The Effects of Wild Rice Water Quality Rule Changes on Tribal Health

At a Glance:

Location: Minnesota

Date: 2018

Vital Condition: Basic Needs for Health and Safety, Belonging and Civic Muscle, Meaningful Work and Wealth, Thriving Natural World

Determinants of Health: belonging and civic muscle, food access, clean air, nutrition, extreme weather, belonging and civic muscle, meaningful work and wealth, parks, clean water, physical activity, clean water

Affected Population: Black, Indigenous, and People of Color, Children and Youth, Older Adults, People Living in Poverty, People with Chronic and Multiple Chronic Health Conditions

Research Methods: GIS mapping, Survey, Qualitative research, Quantitative research, Literature review

Community Types: rural, suburban, tribal, urban


Hand-harvested manoomin is a staple for the Ojibwe that provides cultural and nutritional benefits. Connections to land, traditional food sources, and subsistence living contribute to the physical health and cultural well-being of many indigenous peoples. Manoomin is a critical source of food for Minnesota tribes and generates nearly $7 million in annual income for tribal harvesters, supporting nearly 300 jobs. The study found that reducing water quality protections would result in a loss of manoomin, prevent the Ojibwe from exercising their treaty rights, and diminish tribes’ food sovereignty.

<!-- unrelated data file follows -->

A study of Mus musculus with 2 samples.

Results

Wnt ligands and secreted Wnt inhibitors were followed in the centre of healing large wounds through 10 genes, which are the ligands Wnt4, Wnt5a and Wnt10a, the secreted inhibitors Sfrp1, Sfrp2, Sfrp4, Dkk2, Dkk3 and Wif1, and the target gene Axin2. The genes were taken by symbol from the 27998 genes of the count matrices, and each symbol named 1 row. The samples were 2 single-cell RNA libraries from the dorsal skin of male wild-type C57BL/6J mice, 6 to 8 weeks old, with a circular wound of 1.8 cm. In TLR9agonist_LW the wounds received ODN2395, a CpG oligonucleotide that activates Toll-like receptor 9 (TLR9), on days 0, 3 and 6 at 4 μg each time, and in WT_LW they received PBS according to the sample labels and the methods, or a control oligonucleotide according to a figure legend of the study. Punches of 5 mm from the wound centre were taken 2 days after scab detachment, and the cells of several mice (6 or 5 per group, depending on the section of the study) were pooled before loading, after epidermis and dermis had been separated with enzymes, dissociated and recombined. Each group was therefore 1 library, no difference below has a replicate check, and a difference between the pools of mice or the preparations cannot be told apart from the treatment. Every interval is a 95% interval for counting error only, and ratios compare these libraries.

The authors recommended expanding access to wild rice in nutritional assistance programs, implementing an inventory of wild rice stands and a monitoring program for wild rice waters in Minnesota, developing a protective regulatory framework for wild rice waters, and continuing research on the effects of climate change on wild rice ecology.


Outcome: An administrative law judge objected to the proposed revised standard, so the rulemaking process was suspended.

This Health Impact Assessment Report first appeared in The Cross-Sector Toolkit for Health. The Cross-Sector Toolkit for Health was originally developed by the Health Impact Project, formerly a collaboration of the Robert Wood Johnson Foundation and The Pew Charitable Trusts. The creation of this resource was supported by a grant from the Health Impact Project. The views expressed are those of the author(s) and do not necessarily reflect the views of The Pew Charitable Trusts, or the Robert Wood Johnson Foundation.